Yeti has just released their first ever 27.5 plus-sized mountain bike, the SB5+. Based on the popular SB5, the 5+ has very similar specs, but sports a slightly steeper head tube angle, at 67.1 degrees vs 66.5 in the standard 5.
To fit the wheel into the rear end, Yeti utilized an elevated chainstay and totally redesigned rear triangle. But don’t fret—it’s not nearly as elevated as the new Salsa Woodsmoke, which evoked visceral negative reactions from many readers, so don’t be afraid that Yeti is losing it’s dialed, top-level-bling look.
The SB5+ I looked at was spec’ed with an Eagle X01 Drivetrain, Fox 34 fork, Fox Float rear shock, SRAM Guide brakes, DT Swiss XM551 wheels, and Maxxis Rekon+ 2.8” tires. Yeti says that you can fit up to 3” tires in the rear end but beyond that, you’ll have issues.
New Carbon Layup Options
Speaking of bling, the bling is coming down to a more affordable level. Let’s put “affordable” in scare quotes, as the bargain-basement build kits with a new, more affordable carbon start at about $4,699 or $4,799 for complete models, then go up from there.
This newer, more affordable carbon is available in the new “Carbon” models, which has a frame and carbon layup to the previous “c” models. Now, in addition, Yeti is offering new “Turq” carbon frames, which offer an improved carbon layup, dropping weight off the previous frame. If you remember the “Enduro” models that Yeti rolled out last year… those are gone. Their carbon frames are now available in just two different levels, called “Carbon” on the low end and “Turq” on the high end.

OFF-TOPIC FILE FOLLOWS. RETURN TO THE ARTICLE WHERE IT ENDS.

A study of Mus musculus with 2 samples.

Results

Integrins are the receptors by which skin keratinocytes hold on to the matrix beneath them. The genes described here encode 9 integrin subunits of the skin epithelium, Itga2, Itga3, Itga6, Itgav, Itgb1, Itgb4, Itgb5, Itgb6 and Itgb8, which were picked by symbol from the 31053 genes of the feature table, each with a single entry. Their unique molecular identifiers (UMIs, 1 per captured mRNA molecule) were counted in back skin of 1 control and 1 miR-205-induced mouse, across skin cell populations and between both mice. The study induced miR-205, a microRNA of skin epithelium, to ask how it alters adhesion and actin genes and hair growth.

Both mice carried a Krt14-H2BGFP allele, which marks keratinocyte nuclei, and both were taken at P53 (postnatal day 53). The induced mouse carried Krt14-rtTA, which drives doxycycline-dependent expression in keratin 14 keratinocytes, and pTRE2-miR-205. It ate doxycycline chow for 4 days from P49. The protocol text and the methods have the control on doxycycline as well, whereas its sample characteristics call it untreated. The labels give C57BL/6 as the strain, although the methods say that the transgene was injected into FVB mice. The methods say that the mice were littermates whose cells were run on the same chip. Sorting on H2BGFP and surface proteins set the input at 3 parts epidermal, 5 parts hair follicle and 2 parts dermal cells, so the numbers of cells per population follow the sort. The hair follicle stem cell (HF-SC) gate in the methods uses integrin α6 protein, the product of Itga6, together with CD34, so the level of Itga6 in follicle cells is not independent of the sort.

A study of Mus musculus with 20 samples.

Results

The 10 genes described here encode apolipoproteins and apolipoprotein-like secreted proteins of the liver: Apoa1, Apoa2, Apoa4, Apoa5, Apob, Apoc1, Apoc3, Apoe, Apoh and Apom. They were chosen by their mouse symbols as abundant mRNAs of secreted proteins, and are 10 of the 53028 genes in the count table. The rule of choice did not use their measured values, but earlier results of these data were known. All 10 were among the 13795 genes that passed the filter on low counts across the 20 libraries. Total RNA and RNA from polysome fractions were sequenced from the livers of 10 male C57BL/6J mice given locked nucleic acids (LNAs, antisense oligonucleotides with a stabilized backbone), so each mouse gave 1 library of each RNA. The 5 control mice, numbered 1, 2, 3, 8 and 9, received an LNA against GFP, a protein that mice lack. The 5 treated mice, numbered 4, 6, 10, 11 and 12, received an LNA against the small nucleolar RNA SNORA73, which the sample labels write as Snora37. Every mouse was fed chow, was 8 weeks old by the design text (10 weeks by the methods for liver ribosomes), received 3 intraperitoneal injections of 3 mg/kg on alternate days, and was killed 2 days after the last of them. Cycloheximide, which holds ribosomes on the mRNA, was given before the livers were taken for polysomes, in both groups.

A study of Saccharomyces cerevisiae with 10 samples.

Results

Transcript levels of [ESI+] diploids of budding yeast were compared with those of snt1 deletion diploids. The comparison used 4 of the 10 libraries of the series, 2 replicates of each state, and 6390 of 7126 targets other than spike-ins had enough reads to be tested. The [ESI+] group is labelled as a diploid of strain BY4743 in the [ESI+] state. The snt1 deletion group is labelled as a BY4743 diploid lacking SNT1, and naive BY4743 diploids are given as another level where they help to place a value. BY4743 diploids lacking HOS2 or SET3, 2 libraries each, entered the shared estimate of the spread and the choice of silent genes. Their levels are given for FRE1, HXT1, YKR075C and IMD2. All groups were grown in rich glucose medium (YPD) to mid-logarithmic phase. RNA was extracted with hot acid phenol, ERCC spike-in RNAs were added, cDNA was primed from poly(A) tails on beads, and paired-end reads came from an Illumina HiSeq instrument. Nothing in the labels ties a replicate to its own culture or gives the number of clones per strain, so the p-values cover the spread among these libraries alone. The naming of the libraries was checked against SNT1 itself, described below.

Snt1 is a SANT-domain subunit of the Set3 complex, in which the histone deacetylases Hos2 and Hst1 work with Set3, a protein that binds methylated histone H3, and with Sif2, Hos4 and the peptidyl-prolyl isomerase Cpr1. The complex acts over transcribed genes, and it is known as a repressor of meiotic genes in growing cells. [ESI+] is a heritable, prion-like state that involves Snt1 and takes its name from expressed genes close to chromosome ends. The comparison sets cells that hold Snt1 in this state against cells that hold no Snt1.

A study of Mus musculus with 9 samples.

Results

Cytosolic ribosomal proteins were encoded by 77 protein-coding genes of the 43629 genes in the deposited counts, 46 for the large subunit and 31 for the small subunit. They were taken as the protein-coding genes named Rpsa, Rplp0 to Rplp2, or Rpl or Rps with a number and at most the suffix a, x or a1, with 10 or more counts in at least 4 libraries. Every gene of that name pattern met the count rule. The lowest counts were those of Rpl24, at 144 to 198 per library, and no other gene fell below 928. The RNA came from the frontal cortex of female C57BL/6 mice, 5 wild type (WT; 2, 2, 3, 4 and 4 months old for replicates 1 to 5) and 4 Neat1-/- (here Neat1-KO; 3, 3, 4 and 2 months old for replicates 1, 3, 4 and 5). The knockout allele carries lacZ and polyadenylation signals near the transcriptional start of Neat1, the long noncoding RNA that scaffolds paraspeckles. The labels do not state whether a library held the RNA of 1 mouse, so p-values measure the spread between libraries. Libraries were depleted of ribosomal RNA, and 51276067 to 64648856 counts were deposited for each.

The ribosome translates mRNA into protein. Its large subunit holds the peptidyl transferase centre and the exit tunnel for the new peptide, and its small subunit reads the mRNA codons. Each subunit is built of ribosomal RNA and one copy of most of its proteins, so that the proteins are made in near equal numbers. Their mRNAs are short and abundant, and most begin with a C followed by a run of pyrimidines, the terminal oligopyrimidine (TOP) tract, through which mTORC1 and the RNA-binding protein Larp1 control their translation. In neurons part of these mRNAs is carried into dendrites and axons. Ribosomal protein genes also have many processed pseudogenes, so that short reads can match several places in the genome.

New SB5 and Yeti Beti
Along with this revamped carbon and new SB5+, the standard SB5 gets a revamp, including internal cable routing, a port down near the bottom bracket junction for ease of cable routing, and metric suspension. However, possibly the most important change is that the engineers have been able to remove a seat tube brace, which effectively lowers the standover height. In the Extra Small Beti model, they claim that they’ve achieved the lowest standover height in the mountain bike industry, beating out Pivot who has claimed the title for years.
Is it A LOT lower than the Pivot? No, but it does go to show that Yeti is committed to their female-specific Beti line.
So why are elevated chain stays a necessary / integral to the plus tire design? And what are the negative impacts, if any, on performance?
Whether or not they’re necessary depends on which brand you ask 🙂 The brands that use them claim that it allows them to create a bike with a shorter chainstay length, while still having tire and chainring clearance. As for negatives, I found that it can create calf bang for some people with big calves, or even heel bang.
Sounds like it should work fine for me … I have no calves. =) Thanks for the reply Greg. Hope you are having a great week … … Fall riding in CO must be at it peak about now. Enjoy the moment.